What Causes Pipe Corrosion?

There are a few factors that increase the risk of pipe corrosion. High water temperature increases the oxidation rate, making hot water lines more prone to corrosion. Closed loop piping systems, which circulate and pump water, are also at risk. Water turbulence creates erosion corrosion at locations where the flow of water is slowed or diverted abruptly. Excessive velocity, sudden changes in direction, and flow obstacles can also cause turbulence.

Galvanic corrosion

A simple definition of galvanic corrosion is the process by which two metals that are not compatible with each other come into contact with a water solution. The contact must be good enough to conduct electricity and both metals must be exposed to the water. The difference in potential between the metals is the driving force of galvanic corrosion, which is accelerated by distance. Luckily, galvanic corrosion can be prevented by using dielectric fittings. However, they can’t stop the corrosion of thin-walled pipes.

Metals with different electrochemical potentials will cause corrosion in one another. The higher the potential, the stronger the reaction. A list of metals that are resistant to galvanic corrosion can be found below. Stainless steel is the most common type of stainless steel, and is often used in industrial settings because of its high molybdenum content. It also resists scaling at high temperatures and is used in marine applications. Basic ferritic steel is less resistant to galvanic corrosion but is usually too expensive to be used in a distribution system. Cnadu Plumbers in CA are providing the best piping services.

Water chemistry

There are several factors that contribute to pipe corrosion. Firstly, the chemistry of water should be balanced. If the concentration of alkalinity is greater than the amount of other ions, the risk of corrosion increases. In addition, it is essential that the pH level should be between 7.0 and 7.4. If the PH level is lower than that, the corrosive effect of calcium carbonate increases. To determine the optimum water chemistry, you must test your pipes.

The higher the water temperature, the higher the oxidation rate. Therefore, hot water lines are prone to corrosion. Another issue is water velocity. Closed loop piping systems, such as hot water lines, require circulating or pumping water. Water turbulence, which occurs at areas of high velocity, sudden changes in direction, or obstacles in the flow, promotes corrosion. Therefore, it is essential to monitor the chemistry of water in your pipes to prevent premature corrosion.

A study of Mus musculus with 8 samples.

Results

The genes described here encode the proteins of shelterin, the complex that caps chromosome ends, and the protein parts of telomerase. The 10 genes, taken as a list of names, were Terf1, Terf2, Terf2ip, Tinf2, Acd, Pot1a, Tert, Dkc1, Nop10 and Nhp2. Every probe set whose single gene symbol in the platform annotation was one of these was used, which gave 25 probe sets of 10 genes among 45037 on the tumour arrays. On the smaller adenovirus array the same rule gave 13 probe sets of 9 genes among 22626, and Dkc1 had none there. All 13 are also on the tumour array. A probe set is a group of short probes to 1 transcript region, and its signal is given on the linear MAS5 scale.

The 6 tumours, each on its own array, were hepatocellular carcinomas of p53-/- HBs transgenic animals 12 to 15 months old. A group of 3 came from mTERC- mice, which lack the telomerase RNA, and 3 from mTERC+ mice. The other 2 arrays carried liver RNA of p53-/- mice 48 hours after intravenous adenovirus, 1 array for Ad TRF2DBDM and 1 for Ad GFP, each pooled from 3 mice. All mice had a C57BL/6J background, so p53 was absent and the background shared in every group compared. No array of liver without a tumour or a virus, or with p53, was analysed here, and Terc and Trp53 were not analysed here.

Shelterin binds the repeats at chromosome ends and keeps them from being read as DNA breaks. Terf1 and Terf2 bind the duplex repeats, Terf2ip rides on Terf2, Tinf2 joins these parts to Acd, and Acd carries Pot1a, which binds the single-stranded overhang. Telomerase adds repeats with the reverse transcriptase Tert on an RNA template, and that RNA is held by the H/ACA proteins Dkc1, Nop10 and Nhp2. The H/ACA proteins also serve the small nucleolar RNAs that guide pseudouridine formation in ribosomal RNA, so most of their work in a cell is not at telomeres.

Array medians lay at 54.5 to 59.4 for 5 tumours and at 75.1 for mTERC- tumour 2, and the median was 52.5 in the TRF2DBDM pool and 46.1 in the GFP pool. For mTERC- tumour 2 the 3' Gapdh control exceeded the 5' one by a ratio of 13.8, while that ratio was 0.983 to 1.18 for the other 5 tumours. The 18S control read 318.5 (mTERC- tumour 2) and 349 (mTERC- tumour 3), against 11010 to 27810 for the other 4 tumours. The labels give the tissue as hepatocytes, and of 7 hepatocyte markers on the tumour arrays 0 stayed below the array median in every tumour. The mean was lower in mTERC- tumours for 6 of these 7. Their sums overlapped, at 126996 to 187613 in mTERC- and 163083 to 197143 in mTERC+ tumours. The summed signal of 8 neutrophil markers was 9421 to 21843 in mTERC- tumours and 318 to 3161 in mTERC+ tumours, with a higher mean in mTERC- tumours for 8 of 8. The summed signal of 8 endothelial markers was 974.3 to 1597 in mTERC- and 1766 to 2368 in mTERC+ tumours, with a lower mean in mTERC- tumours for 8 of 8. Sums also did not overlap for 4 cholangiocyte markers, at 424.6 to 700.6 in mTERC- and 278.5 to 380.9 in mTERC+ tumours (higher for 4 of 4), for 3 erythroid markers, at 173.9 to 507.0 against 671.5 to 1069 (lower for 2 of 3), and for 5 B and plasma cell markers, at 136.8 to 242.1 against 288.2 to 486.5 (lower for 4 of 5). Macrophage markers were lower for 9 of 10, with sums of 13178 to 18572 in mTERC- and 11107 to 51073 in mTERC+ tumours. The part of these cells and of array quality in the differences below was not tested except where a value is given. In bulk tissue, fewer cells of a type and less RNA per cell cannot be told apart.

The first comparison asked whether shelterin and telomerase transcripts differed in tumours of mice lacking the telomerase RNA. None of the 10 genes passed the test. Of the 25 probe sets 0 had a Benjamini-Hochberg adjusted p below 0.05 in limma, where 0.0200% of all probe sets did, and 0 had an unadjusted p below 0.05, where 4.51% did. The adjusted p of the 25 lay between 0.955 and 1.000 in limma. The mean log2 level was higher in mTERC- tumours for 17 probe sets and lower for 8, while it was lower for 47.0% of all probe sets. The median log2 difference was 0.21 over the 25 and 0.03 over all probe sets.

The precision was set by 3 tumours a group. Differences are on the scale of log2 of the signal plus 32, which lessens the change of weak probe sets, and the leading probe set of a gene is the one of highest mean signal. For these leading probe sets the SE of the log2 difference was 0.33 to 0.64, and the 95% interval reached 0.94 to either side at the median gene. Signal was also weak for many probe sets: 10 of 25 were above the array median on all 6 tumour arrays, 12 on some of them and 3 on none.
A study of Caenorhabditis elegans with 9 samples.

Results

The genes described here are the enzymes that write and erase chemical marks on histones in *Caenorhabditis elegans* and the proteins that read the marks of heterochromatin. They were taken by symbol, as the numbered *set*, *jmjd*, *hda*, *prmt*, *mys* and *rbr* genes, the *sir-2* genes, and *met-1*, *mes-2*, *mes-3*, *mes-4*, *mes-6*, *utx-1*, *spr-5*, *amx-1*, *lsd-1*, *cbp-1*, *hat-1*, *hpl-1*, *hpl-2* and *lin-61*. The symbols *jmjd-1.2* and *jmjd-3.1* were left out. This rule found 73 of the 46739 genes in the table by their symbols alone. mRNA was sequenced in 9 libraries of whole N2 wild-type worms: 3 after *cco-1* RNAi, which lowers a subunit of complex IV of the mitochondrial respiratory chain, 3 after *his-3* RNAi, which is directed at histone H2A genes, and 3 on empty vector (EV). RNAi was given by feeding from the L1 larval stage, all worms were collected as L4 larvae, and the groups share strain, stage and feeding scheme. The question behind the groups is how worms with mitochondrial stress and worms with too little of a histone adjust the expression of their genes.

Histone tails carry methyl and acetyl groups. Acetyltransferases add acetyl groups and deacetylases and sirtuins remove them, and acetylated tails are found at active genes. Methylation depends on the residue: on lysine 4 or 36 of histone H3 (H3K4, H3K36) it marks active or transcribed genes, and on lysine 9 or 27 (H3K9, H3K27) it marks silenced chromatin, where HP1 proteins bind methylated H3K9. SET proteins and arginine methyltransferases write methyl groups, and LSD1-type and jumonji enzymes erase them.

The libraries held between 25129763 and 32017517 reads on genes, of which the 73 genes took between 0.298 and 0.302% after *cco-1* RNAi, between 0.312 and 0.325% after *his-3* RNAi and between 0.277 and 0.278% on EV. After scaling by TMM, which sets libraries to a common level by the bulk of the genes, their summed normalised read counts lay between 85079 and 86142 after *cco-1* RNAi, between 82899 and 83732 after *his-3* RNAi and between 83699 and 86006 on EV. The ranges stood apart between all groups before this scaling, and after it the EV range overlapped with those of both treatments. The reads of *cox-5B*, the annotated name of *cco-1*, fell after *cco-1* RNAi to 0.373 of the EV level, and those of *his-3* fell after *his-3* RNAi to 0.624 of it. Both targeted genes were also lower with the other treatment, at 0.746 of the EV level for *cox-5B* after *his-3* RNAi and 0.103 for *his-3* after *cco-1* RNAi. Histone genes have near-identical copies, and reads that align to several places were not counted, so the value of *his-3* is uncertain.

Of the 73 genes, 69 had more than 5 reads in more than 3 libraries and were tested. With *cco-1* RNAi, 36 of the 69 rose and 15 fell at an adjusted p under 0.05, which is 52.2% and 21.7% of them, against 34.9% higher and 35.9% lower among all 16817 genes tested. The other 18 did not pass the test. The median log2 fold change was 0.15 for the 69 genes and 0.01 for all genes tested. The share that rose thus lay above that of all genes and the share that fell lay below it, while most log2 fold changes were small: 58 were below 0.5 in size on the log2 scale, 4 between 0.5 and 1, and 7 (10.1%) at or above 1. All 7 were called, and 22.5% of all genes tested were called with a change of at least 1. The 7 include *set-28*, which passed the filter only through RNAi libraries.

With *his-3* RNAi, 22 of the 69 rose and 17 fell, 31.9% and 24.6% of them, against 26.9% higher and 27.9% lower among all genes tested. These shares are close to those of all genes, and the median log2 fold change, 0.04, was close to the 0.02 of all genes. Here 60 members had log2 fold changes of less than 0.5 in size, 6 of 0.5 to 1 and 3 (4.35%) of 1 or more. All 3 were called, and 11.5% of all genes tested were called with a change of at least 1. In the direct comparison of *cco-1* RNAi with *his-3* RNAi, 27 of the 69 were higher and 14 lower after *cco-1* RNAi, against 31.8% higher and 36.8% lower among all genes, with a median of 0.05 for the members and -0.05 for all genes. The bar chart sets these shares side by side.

Protective coatings

Pipes that are insulated may not be protected from corrosion. In these cases, protective coatings may not prevent water from becoming trapped in the pipe’s crevices, accelerating corrosion beneath. Protective coatings fail to resist the effects of corrosion over time, particularly when the pipe moves. In some cases, the protective coating may be improperly applied. Here are three reasons why insulating your pipes is important.

One of the most obvious causes of pipeline failures is inadequate protective coatings. One example of this is the May 2015 oil spill near Santa Barbara. The Pipeline and Hazardous Materials Safety Administration (PHMSA) concluded that the spill was caused by external corrosion. This corrosion caused the pipe to thin to the point that it ruptured suddenly. The pipeline’s condition contributed to the external corrosion. The coatings were not properly protected against ultraviolet rays, which can damage pipelines.

Water softener

When water is extremely hard, it leaves a mineral buildup inside your pipes. Copper and steel pipes are especially susceptible to this buildup, which reduces the inside diameter and limits water flow volume. It also wears away at plumbing fixtures and causes them to leak. A water softener helps to eliminate mineral buildup in your plumbing, which can prevent costly repairs and replacements. Here’s why a water softener is important.

Hard water contains a large amount of sodium, which is particularly corrosive. While a water softener removes the sodium and calcium from water, it leaves minerals such as potassium in the water, which can cause corrosion. These minerals cause more damage to your plumbing than calcium and can take years to fix. That’s why WQA recommends against installing metal pipes downstream from RO or DI treatment systems. Water softeners can also result in increased copper and lead levels. Water softeners should be installed only after a thorough investigation of the problem.